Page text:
Early Learning in Medicine, Year Two
|Class of 1979 Undergraduate Medical Scholarship recipient Blake Henley receiving his award from Professor Mike Hunter.
Year two of medical studies has been full of amazing experiences as well as many academic, social and personal challenges. The year has been split into five 'block' modules; behavioural medicine, the musculoskeletal, cardiovascular, respiratory and gastrointestinal systems. Each module was very different from the last, not just in content but the way in which it was taught and challenges that they bought.
Coming from a largely science background the first module was unlike anything I had studied previously. Behavioural medicine veered away from anatomy and physiology and introduced us to an array of psychological conditions that are largely unexplained. I took away from this module; definitions of many different disorders as well as a new appreciation for the prevalence of and debilitation caused by mental illness. While doing the behavioural medicine module we were introduced to three tutorial programs, Clinical Skills, Healthcare in the Community and Integrated Cases. Clinical skills focused on providing us with the tools to carry out successful consultations with patients, from communication to practical examination skills. Healthcare in the Community focused on just that, the application of health care in a wider setting. The program also encouraged us to consider a patient as more than the disease they present with and to appreciate and incorporate their social, emotional and spiritual aspects. Learning these types of skills and ideas so early on in medical training came initially as a surprise, but now with an appreciation of their importance, I think they came at a perfect time.
Studying the musculoskeletal system for me was less challenging. I enjoyed learning the names and movements carried out by the main muscles of the upper and lower limb. Part of the laboratory work in this module was carried out with human cadavers. Initially the thought of dissecting a human was very frightening. I had only seen bodies in the funeral parlour where they looked peaceful and dressed in their Sunday best. As expected the experience in the lab was very different. The bodies are stark naked on a cold stainless steel table; it is obvious they are there for one purpose only. As frightening and morally challenging as the process appeared, when dissection began it soon became clear how valuable the experience was and how privileged we were to have access to such a resource. Looking back at this particular experience it taught me so much about myself as well as the anatomy.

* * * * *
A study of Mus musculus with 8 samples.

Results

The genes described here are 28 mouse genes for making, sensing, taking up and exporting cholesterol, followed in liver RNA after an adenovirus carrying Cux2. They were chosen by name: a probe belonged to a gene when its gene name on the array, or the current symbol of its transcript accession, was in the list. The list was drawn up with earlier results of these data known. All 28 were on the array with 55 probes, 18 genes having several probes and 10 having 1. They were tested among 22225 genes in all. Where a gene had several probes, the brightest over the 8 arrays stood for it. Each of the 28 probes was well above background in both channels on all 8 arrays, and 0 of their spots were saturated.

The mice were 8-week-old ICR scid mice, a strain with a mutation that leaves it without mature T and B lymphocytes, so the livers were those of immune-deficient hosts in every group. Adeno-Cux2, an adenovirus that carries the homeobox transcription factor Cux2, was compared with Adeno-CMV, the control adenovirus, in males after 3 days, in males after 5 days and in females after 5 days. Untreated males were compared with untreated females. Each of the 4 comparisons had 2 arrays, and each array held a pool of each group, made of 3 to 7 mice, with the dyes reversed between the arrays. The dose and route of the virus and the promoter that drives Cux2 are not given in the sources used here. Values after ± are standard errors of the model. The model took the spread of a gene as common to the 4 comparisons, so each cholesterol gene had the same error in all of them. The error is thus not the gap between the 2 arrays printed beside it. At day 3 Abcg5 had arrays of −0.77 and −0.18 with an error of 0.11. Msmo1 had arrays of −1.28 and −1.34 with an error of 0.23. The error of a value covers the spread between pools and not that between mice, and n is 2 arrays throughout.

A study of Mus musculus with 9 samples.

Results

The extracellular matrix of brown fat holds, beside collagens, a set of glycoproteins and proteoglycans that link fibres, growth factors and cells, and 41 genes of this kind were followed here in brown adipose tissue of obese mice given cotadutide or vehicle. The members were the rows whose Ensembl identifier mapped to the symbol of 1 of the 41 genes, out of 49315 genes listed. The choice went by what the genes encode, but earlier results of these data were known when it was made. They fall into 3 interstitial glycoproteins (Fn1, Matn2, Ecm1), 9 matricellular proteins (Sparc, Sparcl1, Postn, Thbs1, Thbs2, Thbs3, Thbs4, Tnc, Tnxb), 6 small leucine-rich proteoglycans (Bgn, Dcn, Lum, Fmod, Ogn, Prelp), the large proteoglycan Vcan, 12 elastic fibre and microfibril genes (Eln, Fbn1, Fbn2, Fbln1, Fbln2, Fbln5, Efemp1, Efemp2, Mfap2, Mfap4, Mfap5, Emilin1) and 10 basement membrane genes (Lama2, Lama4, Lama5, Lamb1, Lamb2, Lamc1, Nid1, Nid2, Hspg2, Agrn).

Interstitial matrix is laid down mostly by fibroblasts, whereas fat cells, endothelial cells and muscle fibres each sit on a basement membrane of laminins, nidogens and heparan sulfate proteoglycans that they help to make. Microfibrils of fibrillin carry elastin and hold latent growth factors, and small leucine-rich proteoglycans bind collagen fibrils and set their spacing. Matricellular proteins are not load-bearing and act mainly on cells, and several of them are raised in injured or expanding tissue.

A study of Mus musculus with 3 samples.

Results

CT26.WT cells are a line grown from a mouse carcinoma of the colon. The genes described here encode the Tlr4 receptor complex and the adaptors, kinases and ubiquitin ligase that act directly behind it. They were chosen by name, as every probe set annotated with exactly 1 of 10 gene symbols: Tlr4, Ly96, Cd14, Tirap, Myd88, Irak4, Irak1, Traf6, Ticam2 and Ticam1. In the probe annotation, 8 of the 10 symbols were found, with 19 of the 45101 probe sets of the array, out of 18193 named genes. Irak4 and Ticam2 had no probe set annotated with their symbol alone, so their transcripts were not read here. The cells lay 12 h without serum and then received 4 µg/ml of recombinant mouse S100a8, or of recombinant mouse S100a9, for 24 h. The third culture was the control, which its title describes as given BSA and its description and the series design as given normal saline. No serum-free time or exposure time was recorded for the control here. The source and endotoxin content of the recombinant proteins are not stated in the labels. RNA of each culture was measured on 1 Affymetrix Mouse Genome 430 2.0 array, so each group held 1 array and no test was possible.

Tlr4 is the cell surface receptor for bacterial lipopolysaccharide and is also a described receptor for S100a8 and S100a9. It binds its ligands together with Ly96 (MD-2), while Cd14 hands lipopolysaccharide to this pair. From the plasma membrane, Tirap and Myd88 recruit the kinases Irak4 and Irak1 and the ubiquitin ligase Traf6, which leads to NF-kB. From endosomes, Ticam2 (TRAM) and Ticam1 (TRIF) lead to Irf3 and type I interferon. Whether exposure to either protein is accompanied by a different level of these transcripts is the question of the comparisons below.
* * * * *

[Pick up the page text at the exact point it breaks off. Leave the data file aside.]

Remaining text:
The next two modules in the series were the cardiovascular and respiratory systems. I enjoyed these two the most. They complemented each other in content and the style in which they were taught. It was interesting to learn the pathogenesis and aetiology of cardiovascular diseases that are becoming more and more prevalent. Around this time we were set free to interact with 'real' people and were given a shift at one of the rest homes around Dunedin. I was assigned to Ross Home, Dunrowan Hospital unit for 20 hours of ward time. For me, this has been the highlight of the year. It would have been too easy to become overwhelmed by the reality of old age but I was able to enjoy many of the residents personalities, sense of humors, their stories and wisdom and I felt like I was really helping. I accredit to this placement a stronger confidence in my abilities, improved interpersonal skills and experience dealing with difficult situations.
By the time the gastrointestinal module came along I was looking forward to the end of the year and thinking about exams. However, it was made clear that there was no time to relax just yet. By the end of the first lecture I learnt what a giant topic it was to become. The anatomy seemed more complex and the physiology was in a league of its own. Getting through this module while finding time to study for exams and finish last minute assignments was tough. Although, when exams came around I felt ready. I feel the OSCE and OSPE (Observed Structured Clinical and Physical Examinations) were my strongest. They are held in a practical manner testing our consultation, physical examination and anatomy skills. The three theory examinations tested us on the content we learnt throughout the whole year and I left each one feeling confident.
It's hard to believe that year two is over. It seems only yesterday that I received the email of acceptance into medicine, yet so much has happened since then. I would like to take this opportunity to thank the class of 1979 for gifting this scholarship to me. I am extremely grateful for the financial assistance which will go towards helping me complete my degree.